We’re already at war
Alas, the cultural conflict is already blazing. Some people think a federal tax on tanning is a legitimate tool of economic policy. Some don’t. Some think the President is entitled to bestow a $400 million guaranteed loan on a single company because he favors their product. Some don’t. Disagreements like these are not the result of idle preferences. Whole worldviews are at stake.
E.D.’s insinuation that social democracy merely reflects some peoples’ preferences simply begs the question. But economics takes preferences as it finds them. Its refusal to look deeper — and it refuses because its refusal makes its behavioral leverage possible — reveals the truth: statism is a cultural project, a vision of the highest, that conflicts at the level of first principles with the culture of free enterprise. Arthur Brooks is right, like it or not: there already is "a struggle between two competing visions of America’s future." It’s been underway for at least a hundred years. Obama knows which side he is on. Do you?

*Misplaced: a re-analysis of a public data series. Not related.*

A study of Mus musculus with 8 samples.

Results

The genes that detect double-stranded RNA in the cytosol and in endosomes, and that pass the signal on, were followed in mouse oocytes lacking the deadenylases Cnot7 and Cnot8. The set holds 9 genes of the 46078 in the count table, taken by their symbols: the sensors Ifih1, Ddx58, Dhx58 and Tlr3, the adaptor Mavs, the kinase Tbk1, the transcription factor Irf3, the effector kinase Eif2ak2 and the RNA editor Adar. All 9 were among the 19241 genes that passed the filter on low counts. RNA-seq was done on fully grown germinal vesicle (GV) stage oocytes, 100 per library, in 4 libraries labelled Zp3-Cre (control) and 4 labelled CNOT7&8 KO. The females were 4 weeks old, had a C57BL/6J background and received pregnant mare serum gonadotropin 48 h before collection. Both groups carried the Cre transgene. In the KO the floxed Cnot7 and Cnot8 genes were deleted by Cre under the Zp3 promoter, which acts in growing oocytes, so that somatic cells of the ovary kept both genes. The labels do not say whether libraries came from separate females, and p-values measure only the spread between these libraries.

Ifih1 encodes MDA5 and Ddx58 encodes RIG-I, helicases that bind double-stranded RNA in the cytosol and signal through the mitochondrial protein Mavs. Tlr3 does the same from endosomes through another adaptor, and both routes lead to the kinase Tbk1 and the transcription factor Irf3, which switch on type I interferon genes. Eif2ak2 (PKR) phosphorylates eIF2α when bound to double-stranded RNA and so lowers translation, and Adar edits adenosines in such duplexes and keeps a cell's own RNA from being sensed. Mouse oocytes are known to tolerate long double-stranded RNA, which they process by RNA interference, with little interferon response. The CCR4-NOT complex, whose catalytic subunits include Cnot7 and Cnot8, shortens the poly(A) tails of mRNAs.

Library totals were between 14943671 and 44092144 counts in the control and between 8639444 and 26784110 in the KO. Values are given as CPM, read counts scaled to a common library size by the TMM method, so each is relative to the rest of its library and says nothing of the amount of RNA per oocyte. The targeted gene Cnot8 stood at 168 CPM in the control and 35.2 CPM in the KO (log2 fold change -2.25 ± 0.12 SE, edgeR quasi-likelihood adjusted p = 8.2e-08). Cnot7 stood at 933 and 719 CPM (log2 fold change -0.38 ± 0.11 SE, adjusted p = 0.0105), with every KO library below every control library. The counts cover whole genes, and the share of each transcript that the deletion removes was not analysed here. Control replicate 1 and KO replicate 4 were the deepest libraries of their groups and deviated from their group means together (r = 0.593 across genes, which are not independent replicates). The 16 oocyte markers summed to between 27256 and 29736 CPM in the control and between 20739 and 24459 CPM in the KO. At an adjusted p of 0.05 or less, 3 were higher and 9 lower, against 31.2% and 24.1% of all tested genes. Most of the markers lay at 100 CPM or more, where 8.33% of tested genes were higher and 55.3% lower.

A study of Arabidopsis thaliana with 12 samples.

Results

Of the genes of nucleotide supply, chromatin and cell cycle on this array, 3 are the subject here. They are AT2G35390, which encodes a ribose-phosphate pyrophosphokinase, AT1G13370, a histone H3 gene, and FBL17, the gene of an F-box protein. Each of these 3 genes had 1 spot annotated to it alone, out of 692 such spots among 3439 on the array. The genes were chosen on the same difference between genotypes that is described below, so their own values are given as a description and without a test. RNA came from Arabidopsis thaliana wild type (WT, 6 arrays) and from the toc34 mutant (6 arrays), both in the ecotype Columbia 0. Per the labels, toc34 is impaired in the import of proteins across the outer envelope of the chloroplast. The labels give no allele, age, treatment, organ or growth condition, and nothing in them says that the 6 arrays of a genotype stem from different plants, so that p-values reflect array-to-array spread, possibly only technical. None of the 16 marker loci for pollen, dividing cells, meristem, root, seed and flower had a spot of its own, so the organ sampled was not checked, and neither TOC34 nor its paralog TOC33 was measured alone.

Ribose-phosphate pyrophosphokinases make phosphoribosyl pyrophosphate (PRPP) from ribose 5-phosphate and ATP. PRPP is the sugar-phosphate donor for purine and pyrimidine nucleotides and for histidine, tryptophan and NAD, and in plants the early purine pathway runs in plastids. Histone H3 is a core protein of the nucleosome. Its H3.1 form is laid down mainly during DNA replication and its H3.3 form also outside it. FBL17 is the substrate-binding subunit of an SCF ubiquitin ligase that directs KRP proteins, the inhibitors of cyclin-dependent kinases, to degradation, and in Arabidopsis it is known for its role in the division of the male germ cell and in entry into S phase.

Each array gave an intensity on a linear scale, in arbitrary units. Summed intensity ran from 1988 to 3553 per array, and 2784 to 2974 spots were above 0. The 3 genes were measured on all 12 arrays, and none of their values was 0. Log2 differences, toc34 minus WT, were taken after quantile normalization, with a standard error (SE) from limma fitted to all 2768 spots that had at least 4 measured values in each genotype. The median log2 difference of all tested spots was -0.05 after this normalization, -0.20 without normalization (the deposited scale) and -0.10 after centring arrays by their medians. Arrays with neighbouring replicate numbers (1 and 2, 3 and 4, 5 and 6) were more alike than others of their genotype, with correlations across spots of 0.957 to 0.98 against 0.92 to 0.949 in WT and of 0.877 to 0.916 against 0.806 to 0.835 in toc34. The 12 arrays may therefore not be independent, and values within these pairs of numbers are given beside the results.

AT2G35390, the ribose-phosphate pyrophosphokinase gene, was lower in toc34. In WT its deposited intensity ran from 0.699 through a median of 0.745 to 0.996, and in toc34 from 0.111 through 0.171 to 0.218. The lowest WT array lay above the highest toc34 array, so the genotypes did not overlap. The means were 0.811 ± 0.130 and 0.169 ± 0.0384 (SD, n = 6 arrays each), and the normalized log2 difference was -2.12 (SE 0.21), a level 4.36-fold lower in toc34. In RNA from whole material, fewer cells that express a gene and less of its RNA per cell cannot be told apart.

I’m always loathe to draw hard lines in soft sand, but I nevertheless think James has a point. There really is a cultural struggle under way, and while the sides in question may be murky at times – as evidenced by the ongoing liberaltarian debate – that struggle isn’t likely to go away anytime soon.
I’m not sure James is very far off in his assessment of this cultural conflict, but that doesn’t particularly change my own argument: namely, that cultural questions need not necessarily become culture wars even though it is inevitable that they will lead to disagreements, struggles, and so forth. Nor does picking sides necessitate an ‘us against them’ mentality – or at least, not always. I think amidst all of our disagreements over economics, there is still room for common ground. And these are the places I’d like to take the conversation. Perhaps there is a place for soldiers on the field, for partisans and generals, but there is also a place for diplomats. That doesn’t mean we have to meet in some blurry middle. There are questions that require us to hold firm to our convictions.
But treating our economic differences as a culture war – however cultural those differences may be – will not shed any more light on the debate. It will only serve to obscure.